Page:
The Markham Ice Shelf, a massive 19-square-mile platform of ice, broke away from Ellesmere Island in early August and is adrift in the Arctic Ocean. More than half of the nearby Serson Ice Shelf – about 47 square miles – also recently broke away into the sea.
The accelerating sea-ice melt that last summer opened the Northwest Passage through the Canadian Arctic for the first time since satellite records began in 1978 may signal a significant climatic shift that has serious economic and ecological implications for wildlife, natural resources and world politics.
"The summer ice melting has been advancing much faster than any of the climate models predicted," said David H. Bromwich, Ph.D., a senior research scientist with the Polar Meteorology Group of the Byrd Polar Research Center and a professor with the department of geography at The Ohio State University. "The Arctic region is a very heterogeneous environment, and it's extremely important that we better understand what's happening there in order to predict the future more accurately."
To better understand the evolving northern polar climate, researchers have begun working to merge a decade of detailed atmospheric, sea, ice and land surface measurements into a single computer model-based synthesis. The coupling of these immense data sets will produce complex and instructive descriptions of the changes occurring across the normally frigid, remote region.
An interdisciplinary collaboration of scientists, led by Dr. Bromwich, will "reanalyze" Arctic data from the past decade at three-hour intervals, 15-kilometer distances and 70 layers from the surface of the Earth to the top of the atmosphere. The study area encompasses the Arctic Ocean, the surrounding landmasses and the rivers that drain into the ocean – an enormous area of nearly 29 million square miles.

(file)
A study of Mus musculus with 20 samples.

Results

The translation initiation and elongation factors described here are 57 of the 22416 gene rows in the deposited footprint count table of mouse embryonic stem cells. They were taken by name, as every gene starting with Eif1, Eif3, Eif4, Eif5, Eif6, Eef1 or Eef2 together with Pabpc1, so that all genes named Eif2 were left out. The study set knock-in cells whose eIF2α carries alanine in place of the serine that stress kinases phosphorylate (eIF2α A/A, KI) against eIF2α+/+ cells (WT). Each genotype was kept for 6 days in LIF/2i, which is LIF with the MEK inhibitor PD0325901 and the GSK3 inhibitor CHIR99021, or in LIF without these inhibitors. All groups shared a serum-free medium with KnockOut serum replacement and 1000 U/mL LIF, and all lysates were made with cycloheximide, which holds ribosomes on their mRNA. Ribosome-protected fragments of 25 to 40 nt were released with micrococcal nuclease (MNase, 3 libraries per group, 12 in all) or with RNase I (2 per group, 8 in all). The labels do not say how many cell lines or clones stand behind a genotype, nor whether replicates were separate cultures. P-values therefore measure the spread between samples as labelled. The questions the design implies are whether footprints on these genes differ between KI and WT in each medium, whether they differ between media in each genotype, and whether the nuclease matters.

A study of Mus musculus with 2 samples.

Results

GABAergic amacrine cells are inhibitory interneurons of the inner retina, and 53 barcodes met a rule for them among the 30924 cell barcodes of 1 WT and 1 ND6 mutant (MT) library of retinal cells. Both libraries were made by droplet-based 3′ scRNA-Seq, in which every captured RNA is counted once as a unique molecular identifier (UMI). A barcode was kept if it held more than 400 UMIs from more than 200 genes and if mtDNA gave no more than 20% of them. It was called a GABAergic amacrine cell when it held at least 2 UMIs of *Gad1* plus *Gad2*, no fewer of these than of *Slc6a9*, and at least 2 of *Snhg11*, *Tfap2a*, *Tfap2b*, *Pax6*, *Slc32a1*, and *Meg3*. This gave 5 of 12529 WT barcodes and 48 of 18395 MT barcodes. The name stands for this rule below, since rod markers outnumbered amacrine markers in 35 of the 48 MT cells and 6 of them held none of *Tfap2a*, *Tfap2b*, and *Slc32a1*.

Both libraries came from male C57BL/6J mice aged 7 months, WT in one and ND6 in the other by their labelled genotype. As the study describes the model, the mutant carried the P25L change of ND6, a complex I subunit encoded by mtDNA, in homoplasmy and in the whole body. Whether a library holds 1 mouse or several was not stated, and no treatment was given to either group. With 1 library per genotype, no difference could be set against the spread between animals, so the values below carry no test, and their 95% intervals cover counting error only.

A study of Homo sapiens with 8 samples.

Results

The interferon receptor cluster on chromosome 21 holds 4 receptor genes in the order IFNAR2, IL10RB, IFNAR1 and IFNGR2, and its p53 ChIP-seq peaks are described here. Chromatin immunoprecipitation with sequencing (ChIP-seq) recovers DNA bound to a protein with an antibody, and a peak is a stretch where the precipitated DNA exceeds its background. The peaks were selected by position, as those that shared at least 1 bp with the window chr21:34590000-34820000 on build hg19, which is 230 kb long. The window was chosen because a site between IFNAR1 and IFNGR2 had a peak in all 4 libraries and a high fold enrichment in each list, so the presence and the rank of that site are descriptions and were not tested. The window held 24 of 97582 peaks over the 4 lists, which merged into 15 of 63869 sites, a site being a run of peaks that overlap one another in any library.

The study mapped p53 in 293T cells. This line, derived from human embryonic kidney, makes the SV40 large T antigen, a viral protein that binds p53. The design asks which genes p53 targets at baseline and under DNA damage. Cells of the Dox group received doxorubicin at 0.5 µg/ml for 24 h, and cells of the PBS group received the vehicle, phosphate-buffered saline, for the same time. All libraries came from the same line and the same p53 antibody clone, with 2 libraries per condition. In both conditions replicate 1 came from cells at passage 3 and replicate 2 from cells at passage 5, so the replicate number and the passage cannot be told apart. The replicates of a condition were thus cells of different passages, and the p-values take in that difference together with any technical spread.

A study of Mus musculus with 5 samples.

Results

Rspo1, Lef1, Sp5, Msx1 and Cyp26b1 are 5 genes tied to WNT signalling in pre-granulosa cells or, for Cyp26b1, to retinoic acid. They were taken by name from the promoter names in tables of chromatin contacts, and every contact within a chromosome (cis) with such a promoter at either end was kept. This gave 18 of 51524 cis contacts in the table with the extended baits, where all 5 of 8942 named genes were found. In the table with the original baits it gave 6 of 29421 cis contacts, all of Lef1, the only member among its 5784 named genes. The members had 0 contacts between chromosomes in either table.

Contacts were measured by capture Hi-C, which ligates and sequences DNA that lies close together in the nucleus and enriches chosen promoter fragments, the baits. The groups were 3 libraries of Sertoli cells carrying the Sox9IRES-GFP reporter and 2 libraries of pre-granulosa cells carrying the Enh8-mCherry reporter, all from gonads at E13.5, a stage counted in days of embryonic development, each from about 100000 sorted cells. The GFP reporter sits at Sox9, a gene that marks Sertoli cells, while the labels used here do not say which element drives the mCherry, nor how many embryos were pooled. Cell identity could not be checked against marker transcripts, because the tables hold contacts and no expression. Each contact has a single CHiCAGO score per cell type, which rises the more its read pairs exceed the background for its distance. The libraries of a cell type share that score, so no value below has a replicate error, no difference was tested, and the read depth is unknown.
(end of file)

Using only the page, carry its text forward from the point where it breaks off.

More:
"We used to think of places like the Arctic as 'data sparse;' they are remote, largely unpopulated with limited measurements of temperatures, winds, etc., and have challenging environments," said Dr. Bromwich, who as a member of the Intergovernmental Panel of Climate Change shared a Nobel Peace Prize with former Vice President Al Gore in 2007.
"With the introduction of space-borne measurements over the last few decades, researchers have been inundated with vast amounts of information. Today, the trick is to figure out how to effectively use all the diverse information sources."
To make sense of the numbers, Dr. Bromwich and his team turned to the Ohio Supercomputer Center for help with the four-year project. The scientists will fill about 350 terabytes of OSC storage space and employ 1,000 cores of the Center's IBM 1350 Opteron cluster over several months to create detailed visualizations.
"OSC is providing the project with resources that will allow us to complete our work in a limited time frame," Dr. Bromwich said. "Other computation centers likely could not have provided the CPU cycles or stored such vast amounts of data."
The National Science Foundation, as part of the International Polar Year observance, funds the Arctic System Reanalysis project, the first comprehensive environmental reanalysis project led by the academic community. IPY is a large scientific program focusing on the Arctic and the Antarctic from March 2007 to March 2009.
This observance comes "amidst abundant evidence of changes in snow and ice: reductions in extent and mass of glaciers and ice sheets, reductions in area, timing, and duration of snow cover, and reductions in extent and thickness of sea ice," according to IPY. "Changes in snow cover and sea ice have immediate local consequences for terrestrial and marine ecosystems."
Each summer, polar bears are being forced from their seal-hunting grounds on the melting sea ice, endangering their limited populations. Hundreds of thousands of acres of peat moss may decompose and begin to release higher amounts of methane and carbon dioxide, potentially accelerating the accumulation of greenhouse gases in the atmosphere, according to Dr. Bromwich.
Arctic countries are already jostling for political control of one of Earth's last remaining frontiers, he said. Russia, Denmark and Canada have claimed the Arctic sea floor in hopes of securing valuable oil, gas and mineral rights. Canada also is claiming political control over shipping lanes that pass by that country's northern islands, and Russia may follow suit, as passages near its shores are nearly clear of ice.